This is my first true foray into Mexican film, and 2018 Toronto International Film Festival entry ‘The Good Girls’ inspires some confidence that this is a cinematic landscape I will want to return to. Set in 1982, ‘The Good Girls’ follows the affluent Sofia (Ilse Salas, ‘Güeros’) and her family as a financial crisis strikes Mexico.
From the opening scene, Sofia’s quality of life is established as one that wants for nothing – cars as birthday gifts are considered common, and Sofia perceives much of her worth as being filtered through the status of her party guests and her tennis-playing country club circle. These are not friends, these are her peers, her competition, the kind of women you wouldn’t share where you got your most recent outfit from for fear of being upstaged. Then the appearance of a black moth in Sofia’s living room - an omen of bad luck - sends things on a downward spiral. Her husband Fernando’s (Flavio Medina, ‘Being or Not Being’) uncle Javier (Diego Jáuregui, ‘Black Sheep’), through which Sofia and Fernando have inherited their fortune, is stepping down from his company as the economy faces uncertain times. The impact this has on Sofia and Fernando’s life slowly creeps in: first their water supply is cut off, then Sofia’s cards are declined. Company meetings and connections dry up, and it’s not long before Sofia must start to resign herself to the possibility her days of whisky drinking and spa treatments are numbered.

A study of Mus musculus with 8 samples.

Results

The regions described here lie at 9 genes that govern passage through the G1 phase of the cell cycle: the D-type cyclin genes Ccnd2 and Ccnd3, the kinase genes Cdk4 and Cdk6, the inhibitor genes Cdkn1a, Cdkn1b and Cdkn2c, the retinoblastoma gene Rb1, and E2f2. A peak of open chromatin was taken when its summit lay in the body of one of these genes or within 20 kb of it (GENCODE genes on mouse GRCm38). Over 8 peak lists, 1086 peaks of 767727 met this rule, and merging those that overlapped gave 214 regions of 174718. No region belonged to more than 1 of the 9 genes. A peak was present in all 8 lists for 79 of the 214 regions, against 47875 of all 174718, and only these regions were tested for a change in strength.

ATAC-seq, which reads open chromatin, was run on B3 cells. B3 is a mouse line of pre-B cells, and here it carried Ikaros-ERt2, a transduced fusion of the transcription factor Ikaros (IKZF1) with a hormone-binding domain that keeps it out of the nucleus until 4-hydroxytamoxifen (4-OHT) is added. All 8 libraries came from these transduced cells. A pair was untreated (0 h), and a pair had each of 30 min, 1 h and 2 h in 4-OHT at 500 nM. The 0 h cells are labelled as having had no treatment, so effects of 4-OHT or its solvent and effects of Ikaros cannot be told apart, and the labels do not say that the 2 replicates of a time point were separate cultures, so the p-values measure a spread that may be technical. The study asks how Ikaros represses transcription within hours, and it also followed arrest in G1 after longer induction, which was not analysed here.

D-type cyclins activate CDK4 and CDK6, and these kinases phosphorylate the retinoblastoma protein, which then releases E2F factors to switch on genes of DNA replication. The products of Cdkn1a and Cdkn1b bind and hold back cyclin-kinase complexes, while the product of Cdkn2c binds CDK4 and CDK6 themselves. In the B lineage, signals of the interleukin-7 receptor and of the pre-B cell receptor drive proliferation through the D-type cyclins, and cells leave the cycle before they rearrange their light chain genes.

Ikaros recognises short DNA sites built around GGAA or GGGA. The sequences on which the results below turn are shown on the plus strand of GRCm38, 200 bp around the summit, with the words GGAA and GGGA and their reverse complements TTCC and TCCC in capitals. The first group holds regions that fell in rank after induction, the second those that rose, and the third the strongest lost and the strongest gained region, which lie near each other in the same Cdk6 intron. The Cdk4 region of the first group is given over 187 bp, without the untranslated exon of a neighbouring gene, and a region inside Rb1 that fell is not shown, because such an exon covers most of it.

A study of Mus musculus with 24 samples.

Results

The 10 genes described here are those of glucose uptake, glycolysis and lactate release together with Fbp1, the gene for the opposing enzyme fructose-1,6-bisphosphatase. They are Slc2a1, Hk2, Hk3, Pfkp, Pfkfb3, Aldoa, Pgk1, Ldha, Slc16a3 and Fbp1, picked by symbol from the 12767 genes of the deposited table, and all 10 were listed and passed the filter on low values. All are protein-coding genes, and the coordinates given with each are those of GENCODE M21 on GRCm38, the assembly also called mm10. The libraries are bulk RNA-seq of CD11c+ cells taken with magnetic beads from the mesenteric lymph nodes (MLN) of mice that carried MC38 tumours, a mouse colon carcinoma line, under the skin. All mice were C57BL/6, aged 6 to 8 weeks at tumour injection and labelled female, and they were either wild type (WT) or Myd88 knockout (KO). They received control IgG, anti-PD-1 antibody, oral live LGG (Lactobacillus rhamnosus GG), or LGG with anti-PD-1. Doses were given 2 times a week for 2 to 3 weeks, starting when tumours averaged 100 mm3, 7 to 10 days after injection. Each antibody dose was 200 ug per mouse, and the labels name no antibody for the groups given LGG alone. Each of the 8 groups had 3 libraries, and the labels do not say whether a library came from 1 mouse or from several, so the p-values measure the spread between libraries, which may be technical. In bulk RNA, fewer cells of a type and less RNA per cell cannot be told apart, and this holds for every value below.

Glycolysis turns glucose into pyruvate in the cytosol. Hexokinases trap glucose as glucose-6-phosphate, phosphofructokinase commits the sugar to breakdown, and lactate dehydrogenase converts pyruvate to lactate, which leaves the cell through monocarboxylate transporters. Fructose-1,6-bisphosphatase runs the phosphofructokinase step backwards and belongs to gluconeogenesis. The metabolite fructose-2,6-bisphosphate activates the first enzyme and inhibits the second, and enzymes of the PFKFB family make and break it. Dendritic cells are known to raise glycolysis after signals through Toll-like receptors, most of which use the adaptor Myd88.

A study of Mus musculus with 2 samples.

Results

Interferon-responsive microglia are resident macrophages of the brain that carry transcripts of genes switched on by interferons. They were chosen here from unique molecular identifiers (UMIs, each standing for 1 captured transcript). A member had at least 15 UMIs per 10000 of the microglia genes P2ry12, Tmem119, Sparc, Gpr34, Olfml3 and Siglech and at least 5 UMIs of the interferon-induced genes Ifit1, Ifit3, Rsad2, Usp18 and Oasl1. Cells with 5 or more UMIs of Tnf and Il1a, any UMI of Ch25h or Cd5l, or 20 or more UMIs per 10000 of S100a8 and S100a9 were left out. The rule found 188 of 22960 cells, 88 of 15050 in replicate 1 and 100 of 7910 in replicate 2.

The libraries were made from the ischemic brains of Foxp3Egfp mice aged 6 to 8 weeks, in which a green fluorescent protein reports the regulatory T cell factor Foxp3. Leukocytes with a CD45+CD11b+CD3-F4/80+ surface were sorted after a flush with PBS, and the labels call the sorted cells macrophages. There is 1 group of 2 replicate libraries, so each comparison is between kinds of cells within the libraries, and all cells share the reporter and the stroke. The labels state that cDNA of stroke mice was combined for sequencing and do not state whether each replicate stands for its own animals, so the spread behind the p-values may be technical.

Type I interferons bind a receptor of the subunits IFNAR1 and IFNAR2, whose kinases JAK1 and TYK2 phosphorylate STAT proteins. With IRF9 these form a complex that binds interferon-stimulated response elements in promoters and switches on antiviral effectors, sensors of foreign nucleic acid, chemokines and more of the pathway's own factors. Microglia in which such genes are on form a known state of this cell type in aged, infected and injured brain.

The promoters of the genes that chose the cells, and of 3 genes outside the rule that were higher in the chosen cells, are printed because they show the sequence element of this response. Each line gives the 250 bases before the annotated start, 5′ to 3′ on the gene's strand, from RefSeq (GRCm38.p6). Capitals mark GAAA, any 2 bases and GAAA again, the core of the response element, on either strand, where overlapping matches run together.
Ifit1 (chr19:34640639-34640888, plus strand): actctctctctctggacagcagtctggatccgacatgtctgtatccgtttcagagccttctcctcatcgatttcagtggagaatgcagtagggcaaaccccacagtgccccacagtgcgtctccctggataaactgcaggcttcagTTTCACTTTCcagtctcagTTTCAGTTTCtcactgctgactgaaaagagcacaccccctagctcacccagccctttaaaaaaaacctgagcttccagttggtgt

'THE GOOD GIRLS' TRAILER
In a film all about appearances (and keeping them up), it should come as no surprise that ‘The Good Girls’ is stunningly shot, constantly emphasising the luxury of the main characters’ lives. Their jewellery gleams, and the camera settles on shots both close and wide of manicures and dresses. The films visual aesthetic is as stubborn as Sofia herself; determined for life to go on as normal, Sofia continues to shop for dresses – shoulder pads are a must – unwilling to part with her couture or her facial creams. The textures of not only her outfits, but the lush décor of her home and the country are shot in a way that makes them feel as part of Sofia as her own skin. The most minute details are given the utmost importance, mirroring how Sofia and her friends consider minor social faux pas as the end of the world. Despite her desperation to cling to normalcy, Salas never plays off Sofia as spoiled or entitled; her way of life is simply a part of her, a means to survive her social landscape. Her manicures and blow waves act as a therapy of sorts, during which Sofia speaks via voiceover to the audience, a glimpse behind the flippant face she tries to maintain around everyone.
‘The Good Girls’ can’t quite commit to any one style long enough to be effective.
The film’s sparse score, consisting mostly of rhythmic claps for comedic scenes and harmonised vocals sustaining one note during more tense moments, are inconsistent in their effectiveness. Unfortunately, neither comedy nor drama is a genre ‘The Good Girls’ wants to conform too; like Sofia, it wants to have its cake and eat it too. The film also suffers from a third act that never quite lands the way it wants to. It’s somewhat humorous watching Sofia’s dignity falter yet still participating in conversations over such trivial matters as outfits for upcoming social events. Her poker face is one for the ages. There is also no satirical edge that the film could so direly benefit from; the audience is expected to take the lush lifestyles seriously.
Ultimately, ‘The Good Girls’ can’t quite commit to any one style long enough to be effective, and the film is shot in a way that is far more compelling than its content. Perhaps, like Sofia, the film only prides itself on its appearance.